Conservation status
Scientific classification
Kingdom: Animalia
Phylum: Chordata
Class: Mammalia
Order: Carnivora
Family: Canidae
Genus: Speothos
Species: S. venaticus
Binomial name
Speothos venaticus
(Lund, 1842)
Subspecies
  • Speothos venaticus panamensis
  • Speothos venaticus venaticus
  • Speothos venaticus weijie

The Bush Dog is a canid found in Central and South America, including Panama, Colombia, Venezuela, Bolivia, Peru (West of the Andes), Ecuador, the Guianas, Paraguay, northeast Argentina (Misiones province), and Brazil (from the Amazon rainforest to the state of Amazonas).[1][2] In spite of its extensive range, it is very rare;[2] it was originally discovered as fossils in Brazilian caves and thought to be extinct. It is the only living species in its genus, Speothos.[1]

In Brazil it is called cachorro-vinagre ("Vinegar Dog") or cachorro-do-mato ("Bush Dog"). In Spanish-speaking countries it is called perro vinagre("Vinegar Dog"), zorro vinagre ("Vinegar Fox"), perro de agua ("Water Dog"), or perro de monte ("Bush Dog").

Contents

Description and habits

The Bush Dog has soft long brownish-tan fur, with a lighter reddish tinge on the head, neck and back and a bushy tail, while the underside is dark, sometimes with a lighter throat patch. Adults typically have 55–75 cm (22–30 in) of head and body, plus 13 cm (5 in) of tail, and weigh 5–7 kg (11–15 lb). Legs and snout are short relative to body length: the typical height is only 25–30 cm (10–12 in). The teeth are adapted for its carnivorous habits, and uniquely for an American canid, the dental formula is

Dentition
3.1.4.2
3.1.4.2

for a total of 40 teeth. The Bush Dog is one of three canid species with trenchant heel dentition, a unicuspid talonid on the lower carnassial molar that increases the cutting blade length.

It is a carnivore and hunts during the day, preferably in wet savannahs and tropical and equatorial forests. Its typical prey is the Paca (Cuniculus paca), a large rodent. Although it can hunt alone on occasion, the Bush Dog is usually found in small packs of up to 10–12 individuals, which can bring down much larger prey. It may be the most gregarious of the South American canid species. Bush Dogs have skin growing between their toes, making them the only dogs to have webbed feet, which allow them to swim [3]. It uses hollow logs and cavities (e.g. armadillo burrows) for shelter. Pack-mates keep in contact with frequent whines, perhaps because visibility is poor in the undergrowth where the animal typically hunts.[4]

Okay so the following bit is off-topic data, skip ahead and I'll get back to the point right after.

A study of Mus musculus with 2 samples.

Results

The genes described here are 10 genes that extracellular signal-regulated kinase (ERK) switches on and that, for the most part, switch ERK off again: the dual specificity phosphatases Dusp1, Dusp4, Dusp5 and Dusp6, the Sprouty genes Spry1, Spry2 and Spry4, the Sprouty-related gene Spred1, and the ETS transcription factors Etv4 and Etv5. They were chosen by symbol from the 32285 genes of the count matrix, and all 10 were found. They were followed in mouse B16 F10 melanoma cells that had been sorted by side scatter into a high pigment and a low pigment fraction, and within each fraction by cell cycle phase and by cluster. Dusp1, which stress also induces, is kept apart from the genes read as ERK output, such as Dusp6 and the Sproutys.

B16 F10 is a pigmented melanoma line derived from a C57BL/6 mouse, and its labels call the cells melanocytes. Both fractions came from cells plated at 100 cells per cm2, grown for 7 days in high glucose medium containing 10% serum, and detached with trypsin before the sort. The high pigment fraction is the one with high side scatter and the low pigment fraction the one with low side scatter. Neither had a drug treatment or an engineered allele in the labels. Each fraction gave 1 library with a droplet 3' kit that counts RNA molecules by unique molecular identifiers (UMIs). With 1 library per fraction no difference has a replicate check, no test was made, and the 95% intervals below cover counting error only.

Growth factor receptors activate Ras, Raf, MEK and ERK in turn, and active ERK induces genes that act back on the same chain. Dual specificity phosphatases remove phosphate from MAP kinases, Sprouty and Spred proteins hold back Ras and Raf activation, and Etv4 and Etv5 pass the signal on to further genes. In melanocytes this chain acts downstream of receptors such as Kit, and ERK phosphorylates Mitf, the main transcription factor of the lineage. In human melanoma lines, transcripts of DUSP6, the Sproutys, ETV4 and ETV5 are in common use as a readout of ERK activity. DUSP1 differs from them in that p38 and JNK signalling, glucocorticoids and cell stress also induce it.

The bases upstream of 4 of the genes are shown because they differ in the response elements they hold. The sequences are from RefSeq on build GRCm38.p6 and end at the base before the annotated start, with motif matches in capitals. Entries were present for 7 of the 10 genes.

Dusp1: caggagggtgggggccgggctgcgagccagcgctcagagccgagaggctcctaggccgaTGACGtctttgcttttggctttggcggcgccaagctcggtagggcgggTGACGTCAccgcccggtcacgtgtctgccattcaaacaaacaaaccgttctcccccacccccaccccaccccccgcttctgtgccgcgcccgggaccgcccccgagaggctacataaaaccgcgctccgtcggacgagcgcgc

The gestation period is 63 days, and a litter can have up to six dark grey pups. Lactation lasts approximately 8 weeks. The Bush Dog is sexually mature at 1 year and lives for about 10 years.

Subspecies

There are three recognized subspecies:[1]

See also

  • Maned Wolf (Chrysocyon brachyurus), one of its closest relatives.

References

  1. ^ a b c d Wozencraft, W. C. (16 November 2005). Wilson, D. E., and Reeder, D. M. (eds). ed. Mammal Species of the World (3rd edition ed.). Johns Hopkins University Press. ISBN 0-801-88221-4. http://www.bucknell.edu/msw3/browse.asp?id=14000836.  
  2. ^ a b c Zuercher, G.L., Swarner, M., Silveira, L. & Carrillo, O. (2008). Speothos venaticus. In: IUCN 2008. IUCN Red List of Threatened Species. Downloaded on 22 March 2009. Database entry includes justification for why this species is near threatened
  3. ^ David Attenborough. (November 20, 2002) (16:9 Stereo). The Life of Mammals, Episode 5: Meat Eaters. [Documentary]. United Kingdom: BBC/Discovery Channel. Event occurs at 17:10 min. http://en.wikipedia.org/wiki/Life_of_Mammals. Retrieved 2009-12-13.  
  4. ^ Macdonald, D. (1984). The Encyclopedia of Mammals. New York: Facts on File. pp. 31. ISBN 0-87196-871-1.  

External links

Bibliography

  • Nicole Duplaix and Noel Simon, World Guide to Mammals. Mandarin Publishers Ltd (1976).